When it comes to nature, someone's always studying something.

No project is too small, too focused, too minute. One researcher might be looking at home ranges of flying squirrels while another examines how grassland songbirds relate to suburban sprawl.

Game species get their share of attention, too.

It's often interesting stuff.

Word of several unique projects has come across the desk recently, though.

The people at Hawk Mountain Sanctuary in Berks County — in cooperation with the Pennsylvania Game Commission, Department of Conservation and Natural Resources and others — used goats this summer in an attempt to control Asian stiltgrass in their forests.

Imported to the United States in 1919, stiltgrass is pesky when it gets into the woods. It forms dense stands and, in so doing, chokes out native plant and tree species and limits wildlife. “Even deer won't eat it,” said Todd Bauman, the sanctuary's director of land and facilities.

Enter the goats.

The first group put into an enclosed area in the woods wasn't familiar with it and wouldn't eat it. A second group of goats known to have grazed on it before did.

They've since been removed, and scientists are measuring how effective they were and whether they might have other applications.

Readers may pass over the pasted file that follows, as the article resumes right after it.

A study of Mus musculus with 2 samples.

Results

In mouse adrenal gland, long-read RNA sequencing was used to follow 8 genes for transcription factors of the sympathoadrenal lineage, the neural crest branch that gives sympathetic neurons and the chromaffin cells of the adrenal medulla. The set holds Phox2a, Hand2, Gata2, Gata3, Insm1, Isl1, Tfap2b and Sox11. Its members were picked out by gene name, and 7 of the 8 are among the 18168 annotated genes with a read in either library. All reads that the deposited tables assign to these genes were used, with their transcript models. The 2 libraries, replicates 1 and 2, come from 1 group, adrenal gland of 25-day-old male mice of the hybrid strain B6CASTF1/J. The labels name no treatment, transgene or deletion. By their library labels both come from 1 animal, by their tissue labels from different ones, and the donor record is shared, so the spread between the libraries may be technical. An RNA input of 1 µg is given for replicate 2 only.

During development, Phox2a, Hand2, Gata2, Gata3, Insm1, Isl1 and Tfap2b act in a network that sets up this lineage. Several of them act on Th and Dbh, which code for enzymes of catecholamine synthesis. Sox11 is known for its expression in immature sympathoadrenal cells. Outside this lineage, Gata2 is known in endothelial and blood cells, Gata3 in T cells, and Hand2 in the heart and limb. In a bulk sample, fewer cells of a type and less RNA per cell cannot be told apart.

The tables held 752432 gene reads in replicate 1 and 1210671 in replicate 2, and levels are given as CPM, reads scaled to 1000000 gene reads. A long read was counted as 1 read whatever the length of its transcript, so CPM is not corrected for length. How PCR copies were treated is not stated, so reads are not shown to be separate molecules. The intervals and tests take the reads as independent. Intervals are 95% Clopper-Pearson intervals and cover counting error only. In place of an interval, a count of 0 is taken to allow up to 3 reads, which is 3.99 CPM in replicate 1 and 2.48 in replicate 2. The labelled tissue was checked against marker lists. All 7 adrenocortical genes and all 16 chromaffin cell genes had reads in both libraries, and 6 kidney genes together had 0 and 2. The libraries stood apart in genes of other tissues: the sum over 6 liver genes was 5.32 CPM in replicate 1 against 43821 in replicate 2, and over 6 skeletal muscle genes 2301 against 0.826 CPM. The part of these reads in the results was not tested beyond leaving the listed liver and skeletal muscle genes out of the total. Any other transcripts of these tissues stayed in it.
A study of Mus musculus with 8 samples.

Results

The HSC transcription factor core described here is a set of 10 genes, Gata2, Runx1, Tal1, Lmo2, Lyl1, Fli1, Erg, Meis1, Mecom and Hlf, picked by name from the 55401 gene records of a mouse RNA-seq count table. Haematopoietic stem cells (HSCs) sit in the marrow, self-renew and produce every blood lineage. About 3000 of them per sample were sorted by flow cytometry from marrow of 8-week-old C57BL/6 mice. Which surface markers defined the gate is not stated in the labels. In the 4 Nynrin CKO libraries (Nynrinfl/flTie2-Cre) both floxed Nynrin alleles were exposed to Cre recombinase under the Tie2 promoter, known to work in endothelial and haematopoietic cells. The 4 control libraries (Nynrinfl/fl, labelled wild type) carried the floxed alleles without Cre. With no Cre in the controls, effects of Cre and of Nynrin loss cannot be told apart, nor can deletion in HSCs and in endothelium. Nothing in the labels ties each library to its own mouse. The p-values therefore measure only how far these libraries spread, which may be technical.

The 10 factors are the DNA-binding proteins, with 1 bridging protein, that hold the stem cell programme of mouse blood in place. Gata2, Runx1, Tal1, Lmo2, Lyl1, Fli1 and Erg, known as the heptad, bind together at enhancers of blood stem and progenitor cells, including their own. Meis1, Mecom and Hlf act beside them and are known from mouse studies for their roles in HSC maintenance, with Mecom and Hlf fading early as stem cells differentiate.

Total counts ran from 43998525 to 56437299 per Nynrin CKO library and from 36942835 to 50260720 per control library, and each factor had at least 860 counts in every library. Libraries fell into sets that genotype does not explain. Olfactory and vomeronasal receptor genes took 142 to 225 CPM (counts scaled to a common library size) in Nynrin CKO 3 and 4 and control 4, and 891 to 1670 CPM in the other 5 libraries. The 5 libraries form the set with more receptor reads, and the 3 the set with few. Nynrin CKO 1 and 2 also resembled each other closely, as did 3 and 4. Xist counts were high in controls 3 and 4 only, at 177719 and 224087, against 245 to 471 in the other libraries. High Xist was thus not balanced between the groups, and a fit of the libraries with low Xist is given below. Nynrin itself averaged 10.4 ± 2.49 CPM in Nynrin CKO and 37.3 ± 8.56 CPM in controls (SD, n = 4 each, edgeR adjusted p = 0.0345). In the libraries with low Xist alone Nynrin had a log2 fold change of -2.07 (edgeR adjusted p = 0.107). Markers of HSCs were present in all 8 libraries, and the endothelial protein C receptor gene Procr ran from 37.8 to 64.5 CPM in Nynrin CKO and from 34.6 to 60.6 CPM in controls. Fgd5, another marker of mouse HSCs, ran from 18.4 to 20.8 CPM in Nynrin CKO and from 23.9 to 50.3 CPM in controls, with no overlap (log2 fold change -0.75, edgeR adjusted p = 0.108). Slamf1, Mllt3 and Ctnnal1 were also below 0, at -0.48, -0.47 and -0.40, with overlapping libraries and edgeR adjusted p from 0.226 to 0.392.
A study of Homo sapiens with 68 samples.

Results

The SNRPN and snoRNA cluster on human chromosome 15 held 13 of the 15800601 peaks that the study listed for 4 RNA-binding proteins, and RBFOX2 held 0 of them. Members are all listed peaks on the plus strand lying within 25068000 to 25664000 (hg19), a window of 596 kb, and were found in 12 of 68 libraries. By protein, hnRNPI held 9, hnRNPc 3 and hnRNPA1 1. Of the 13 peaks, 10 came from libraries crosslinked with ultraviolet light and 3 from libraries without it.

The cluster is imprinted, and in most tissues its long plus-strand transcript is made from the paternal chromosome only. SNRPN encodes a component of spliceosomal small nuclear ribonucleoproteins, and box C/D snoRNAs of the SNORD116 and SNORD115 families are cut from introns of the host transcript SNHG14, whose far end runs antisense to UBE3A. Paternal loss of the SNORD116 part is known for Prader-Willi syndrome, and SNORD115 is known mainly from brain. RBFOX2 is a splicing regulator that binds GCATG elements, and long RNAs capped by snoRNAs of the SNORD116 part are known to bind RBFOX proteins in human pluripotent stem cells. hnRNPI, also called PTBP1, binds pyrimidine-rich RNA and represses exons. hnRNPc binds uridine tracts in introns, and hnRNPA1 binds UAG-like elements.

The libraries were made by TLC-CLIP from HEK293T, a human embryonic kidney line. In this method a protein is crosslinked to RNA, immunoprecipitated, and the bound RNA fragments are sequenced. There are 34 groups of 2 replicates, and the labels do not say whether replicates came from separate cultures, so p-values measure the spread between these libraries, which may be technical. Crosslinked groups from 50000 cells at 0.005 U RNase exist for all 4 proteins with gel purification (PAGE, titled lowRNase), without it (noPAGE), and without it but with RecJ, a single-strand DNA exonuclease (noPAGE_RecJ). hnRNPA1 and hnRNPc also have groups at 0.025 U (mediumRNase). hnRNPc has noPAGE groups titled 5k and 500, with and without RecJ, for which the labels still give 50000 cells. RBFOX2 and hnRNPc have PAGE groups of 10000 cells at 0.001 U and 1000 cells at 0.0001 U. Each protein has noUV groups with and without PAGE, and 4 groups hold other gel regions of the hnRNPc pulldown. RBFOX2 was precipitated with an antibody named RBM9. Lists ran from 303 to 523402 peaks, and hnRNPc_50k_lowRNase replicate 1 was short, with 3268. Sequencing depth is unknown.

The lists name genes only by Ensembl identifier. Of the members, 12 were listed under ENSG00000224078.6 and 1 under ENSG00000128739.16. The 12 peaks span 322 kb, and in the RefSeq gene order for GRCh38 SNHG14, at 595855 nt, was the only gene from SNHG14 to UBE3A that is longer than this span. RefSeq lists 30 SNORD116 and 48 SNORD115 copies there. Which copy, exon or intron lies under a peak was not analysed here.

The Game Commission, meanwhile, is following another creature.

The agency, in cooperation with the Keystone Elk Country Alliance, placed a video camera around the neck of an adult cow elk. The goal is to see what the animal is eating.

The Commission does a lot of habitat enhancement work in the state's 3,500-square-mile elk range and believes “habitat quality directly influences elk pregnancy rates, survival, calf recruitment and the distribution of elk.”

It also believes the work reduces elk-human conflicts by concentrating the animals in areas with fewer people.

But what do the elk think?

That's what the camera may show. Commission officials said the camera will record audio and video footage at specific times each day, showing what type of food and cover the animal is selecting.

The collar is designed to fall off after about 75 days, at which point the commission will send it back to the manufacturer so the recordings can be retrieved.

On the fishing front, researchers from Penn State have inserted wire tags in smallmouth bass in the Susquehanna River to see what they're up to.

Maybe you've never fished the Susquehanna. But at one time it was considered the premier riverine smallmouth fishery on the East Coast.

That's not so now. Something has caused bass populations there to decline. There's been speculation that raised water temperatures — attributable to wastewater, agricultural runoff, industrial effluent or something else — may be impacting spawning success.

The idea is to see if following tagged fish — 40 have gotten the radio transmitters so far, with plans to give them to 45 more — can shed light on where they're are going, what habitats they're using and what's happening.

It's all interesting stuff.

Bob Frye is a staff writer for Trib Total Media. Reach him at or via Twitter @bobfryeoutdoors.